Applicants will challenge the denial of a conditional use permit to build a solar farm on Shady Grove Church Road in Yadkin County Superior Court. A writ of certiorari was filed on Nov. 6, the writ is a request for a lower court to deliver its record in a case so that the higher court may review it. A clerk at the Yadkin County Courthouse said it would likely be the first of next year before the hearing is scheduled.
After two public hearings on the matter, the Yadkin County Board of Adjustments denied the conditional use permit in a three to two vote last month.
The conditional use permit for the 22-megawatt 285-acre solar farm on parcels of land totaling around 370.5 acres was applied for by Two Hearted Solar, LLC, Mickey and Hilda Smitherman, Shady Grove Partners LLC, Evan and Tina Williams, Jackie and Betsy Williams, Ruth Matthews and Billy Miller.
At a Sept. 14 hearing multiple individuals representing various aspects of the proposed solar farm presented evidence on the design and details of the project, including detailed information on the safety of a solar farm and mitigation efforts to minimize the impact to neighboring properties. Neighbors opposed to the project spoke at a hearing on Oct. 12. Both public hearings were evidentiary hearings with those speaking for or against the project sworn in as in a court of law.
Court documents filed challenging the decision read in part, “The Applicant presented five highly credentialed experts and other witnesses who provided substantial testimony on all four standards in the form of engineering calculations, appraisals, scientific papers written by one of the experts, and detailed testimony and expert analysis about applicable provisions in the county’s comprehensive plan. Despite this testimony, the Board failed to find that any of the evidence was competent, material, or substantial…”
Testimony from Dr. Brian Fannon with the Yadkin Riverkeeper organization as well as Danielle Summerfield, a neighbor to the property and former realtor were among those cited in the decision against the project. Runoff water, real estate values and lack of clarity with the submitted proposal were among the concerns the board said contributed to the denial of the conditional use permit.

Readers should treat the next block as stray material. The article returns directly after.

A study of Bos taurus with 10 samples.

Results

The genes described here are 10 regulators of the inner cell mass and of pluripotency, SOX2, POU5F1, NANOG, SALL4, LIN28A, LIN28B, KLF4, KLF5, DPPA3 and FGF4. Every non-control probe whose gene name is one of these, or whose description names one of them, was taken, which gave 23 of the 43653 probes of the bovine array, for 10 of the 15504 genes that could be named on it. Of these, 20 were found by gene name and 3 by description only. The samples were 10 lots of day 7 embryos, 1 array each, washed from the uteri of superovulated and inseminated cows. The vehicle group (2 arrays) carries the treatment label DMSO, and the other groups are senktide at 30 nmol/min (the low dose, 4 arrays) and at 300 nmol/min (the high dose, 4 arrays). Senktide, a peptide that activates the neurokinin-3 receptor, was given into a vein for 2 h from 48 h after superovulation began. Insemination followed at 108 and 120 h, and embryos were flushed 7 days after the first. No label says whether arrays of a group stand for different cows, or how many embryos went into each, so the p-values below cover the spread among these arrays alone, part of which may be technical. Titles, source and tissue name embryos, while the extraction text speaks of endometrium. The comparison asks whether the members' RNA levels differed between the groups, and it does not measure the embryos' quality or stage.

A statement from the Board of Adjustments following the denial said in part, “there are potential multiple runoff issues and there needs to be more detail in the plans moving into these areas that have a lot more terrain variability to make sure that projects that take up several hundred acres in rolling terrain move forward responsibly to avoid damaging water that we rely on.”
The writ filed by the solar farm applicants, alleges that testimony from opponents of the project did not meet the criteria of evidence per the guidelines of the hearing.
“Opponents produced no expert testimony, no studies, and no evidence that directly addressed three of the four standards. The Board based its findings on opponents’ testimony that was in all respects, (a) immaterial, addressing matters unrelated to the four standards; (b) incompetent as a matter of law (a lay witness testifying about property values); (c) opinion testimony unsupported by facts or studies; (d) a type of testimony described in numerous N.C. cases as ‘generalized fears’ and therefore not evidence; or (e) testimony that was directly contradicted by county’s zoning ordinance and Land Use Plan,” reads a portion of the court documents challenging the denial.
Kitsey Burns Harrison may be reached at 336-258-4035 or on Twitter and Instagram @RippleReporterK.